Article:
The city of Toledo either has a $326,000 surplus to stick in a rainy day fund or it just has a rainy day with no extra money to sock away.
Two Toledo councilmen, with the backing of three certified public accountants and the city auditor, are disputing the Bell administration's claim that the city has a surplus from 2011 that it can deposit into the city's "budget stabilization fund."
Councilman D. Michael Collins first raised the issue last week and then investigated further after the administration asked council to approve moving that amount of money into the rainy day fund. He called it a "myth" that the city has that money available.
Mr. Collins said Mayor Mike Bell's top financial officials are incorrectly saying the city can "unilaterally unrestrict a fund."
Both he and Councilman George Sarantou, head of council's finance committee, said the city actually has a $5.7 million deficit because the money in question is restricted for specific uses and cannot be used for other purposes.
Mr. Sarantou said it is misleading to say the city has a surplus.
"There is no surplus," Mr. Sarantou said. "There is a $5.7 million deficit that has accumulated over the years and part of that has to be earmarked for the Hoffman Road Landfill closure. There is a federal EPA mandate that we set aside money each year for that. The $5.7 million is the result of expenses that exceeded our revenues the past few years."
City Auditor Scott Wheelock, in a letter to Mr. Collins, concurred with his assessment.
"I discussed this with Kerry Roe, a partner at Clark Schaefer Hackett, our public accountants. He and I agree with your analysis," Mr. Wheelock wrote. "The general fund does indeed have a positive fund balance of $326,000, however it is made up of two parts: the first part is $712,000 in inventory ... this is not cash that can be used for general purposes. The second is $5,376,000 that is cash but has restrictions placed on it by third parties."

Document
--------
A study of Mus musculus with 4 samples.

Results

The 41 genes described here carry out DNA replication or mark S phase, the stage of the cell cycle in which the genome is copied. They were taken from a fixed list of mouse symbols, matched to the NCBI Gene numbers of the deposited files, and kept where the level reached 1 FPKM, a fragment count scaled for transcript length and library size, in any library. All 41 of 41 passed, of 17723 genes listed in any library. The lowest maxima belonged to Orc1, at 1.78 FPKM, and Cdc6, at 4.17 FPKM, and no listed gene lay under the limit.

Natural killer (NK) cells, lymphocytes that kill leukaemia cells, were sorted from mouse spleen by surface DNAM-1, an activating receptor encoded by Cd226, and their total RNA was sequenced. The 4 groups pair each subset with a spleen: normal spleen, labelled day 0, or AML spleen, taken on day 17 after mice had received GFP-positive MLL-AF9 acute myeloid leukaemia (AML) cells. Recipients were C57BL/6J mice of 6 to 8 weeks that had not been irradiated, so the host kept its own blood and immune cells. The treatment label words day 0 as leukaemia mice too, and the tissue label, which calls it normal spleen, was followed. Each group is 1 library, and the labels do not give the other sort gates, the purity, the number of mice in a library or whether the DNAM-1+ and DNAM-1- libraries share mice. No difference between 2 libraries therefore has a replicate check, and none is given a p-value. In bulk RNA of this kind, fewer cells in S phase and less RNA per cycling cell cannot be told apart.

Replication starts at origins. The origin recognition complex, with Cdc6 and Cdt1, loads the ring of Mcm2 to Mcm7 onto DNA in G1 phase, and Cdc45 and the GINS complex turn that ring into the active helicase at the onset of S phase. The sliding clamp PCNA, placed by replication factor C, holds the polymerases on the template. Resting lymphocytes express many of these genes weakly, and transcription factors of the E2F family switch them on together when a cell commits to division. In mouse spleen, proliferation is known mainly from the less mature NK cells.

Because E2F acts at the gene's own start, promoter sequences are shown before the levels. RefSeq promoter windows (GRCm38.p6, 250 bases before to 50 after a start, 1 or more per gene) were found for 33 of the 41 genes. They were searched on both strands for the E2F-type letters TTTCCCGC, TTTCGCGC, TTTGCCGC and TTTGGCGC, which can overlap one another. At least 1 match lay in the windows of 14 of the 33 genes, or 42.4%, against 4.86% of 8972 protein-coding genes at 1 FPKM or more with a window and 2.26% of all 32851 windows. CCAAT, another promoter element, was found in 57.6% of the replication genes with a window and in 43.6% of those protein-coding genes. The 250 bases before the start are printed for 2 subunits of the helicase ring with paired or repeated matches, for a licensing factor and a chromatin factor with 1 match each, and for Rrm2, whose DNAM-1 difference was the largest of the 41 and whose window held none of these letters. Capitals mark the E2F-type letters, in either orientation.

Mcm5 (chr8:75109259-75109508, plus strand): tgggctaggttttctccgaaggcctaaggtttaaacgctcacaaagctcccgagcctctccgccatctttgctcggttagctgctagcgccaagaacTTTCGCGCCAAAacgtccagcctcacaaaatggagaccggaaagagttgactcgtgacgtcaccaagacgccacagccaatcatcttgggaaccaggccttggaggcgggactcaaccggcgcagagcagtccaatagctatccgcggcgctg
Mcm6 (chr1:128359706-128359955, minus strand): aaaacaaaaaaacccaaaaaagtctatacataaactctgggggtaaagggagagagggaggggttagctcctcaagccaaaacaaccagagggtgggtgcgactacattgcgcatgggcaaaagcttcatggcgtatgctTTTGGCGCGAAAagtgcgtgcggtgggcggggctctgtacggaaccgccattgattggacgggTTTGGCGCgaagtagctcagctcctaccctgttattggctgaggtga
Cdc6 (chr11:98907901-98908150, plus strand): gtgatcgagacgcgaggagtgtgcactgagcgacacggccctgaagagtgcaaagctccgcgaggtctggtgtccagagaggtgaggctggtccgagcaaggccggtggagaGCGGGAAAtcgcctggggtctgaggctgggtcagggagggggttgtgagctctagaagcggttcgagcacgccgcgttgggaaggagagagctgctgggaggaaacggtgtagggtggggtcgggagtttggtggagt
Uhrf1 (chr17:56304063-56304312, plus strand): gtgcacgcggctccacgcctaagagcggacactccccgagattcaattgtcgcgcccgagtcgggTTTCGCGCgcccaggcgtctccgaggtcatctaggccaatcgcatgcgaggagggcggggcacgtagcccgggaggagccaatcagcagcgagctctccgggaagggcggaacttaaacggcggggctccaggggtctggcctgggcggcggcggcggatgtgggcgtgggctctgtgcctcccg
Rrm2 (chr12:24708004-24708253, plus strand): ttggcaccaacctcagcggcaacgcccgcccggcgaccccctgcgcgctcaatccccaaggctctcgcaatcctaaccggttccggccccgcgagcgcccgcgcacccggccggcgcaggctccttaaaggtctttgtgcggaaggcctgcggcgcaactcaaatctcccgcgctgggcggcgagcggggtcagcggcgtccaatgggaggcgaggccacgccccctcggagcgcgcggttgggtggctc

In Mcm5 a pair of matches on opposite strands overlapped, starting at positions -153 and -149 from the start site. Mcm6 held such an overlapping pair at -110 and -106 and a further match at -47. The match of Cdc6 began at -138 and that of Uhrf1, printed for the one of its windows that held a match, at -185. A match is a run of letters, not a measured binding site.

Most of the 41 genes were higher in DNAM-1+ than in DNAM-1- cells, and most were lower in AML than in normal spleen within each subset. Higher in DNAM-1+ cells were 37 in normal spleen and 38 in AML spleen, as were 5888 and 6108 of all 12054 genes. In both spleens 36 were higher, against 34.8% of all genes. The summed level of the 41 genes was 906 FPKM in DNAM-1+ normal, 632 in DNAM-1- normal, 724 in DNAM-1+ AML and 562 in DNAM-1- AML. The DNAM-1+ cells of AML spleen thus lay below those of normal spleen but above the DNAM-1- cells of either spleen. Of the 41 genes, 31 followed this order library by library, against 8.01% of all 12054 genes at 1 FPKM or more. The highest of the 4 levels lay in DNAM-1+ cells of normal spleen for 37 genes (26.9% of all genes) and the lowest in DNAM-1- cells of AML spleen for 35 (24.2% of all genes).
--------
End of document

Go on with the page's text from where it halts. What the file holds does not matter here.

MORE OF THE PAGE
His letter also states: "most of this amount represents the 'reserve' for the closing of the Hoffman Road landfill and cannot be used by council or the mayor to meet future expenditures of the city."
The two councilmen Tuesday grilled the Bell administration on the issue at a council agenda review meeting.
A balance sheet provided to councilmen by Mr. Collins shows more than $5.3 million of city money listed as "restricted investments" and $712,000 as "inventory of supplies."
Deputy Mayor Steve Herwat stood by his analysis and promised an explanation for councilmen during their next regular meeting next Tuesday.
Mr. Bell Tuesday also discounted what Mr. Collins and Mr. Sarantou were claiming.
"They're wrong," Mr. Bell said.
Mr. Roe could not be reached for comment.
Clark Schaefer Hackett, a certified public accounting firm based in Cincinnati, released its independent audit on the city of Toledo’s 2011 financial statements on Aug. 31 but the Bell administration did not release the document to council until last month. It found problems that included overlooked regulations and sloppy record keeping. It listed 19 specific problems, which detailed things the city did wrong, did late, or didn’t do at all. There was also an additional nine findings against the city by the firm.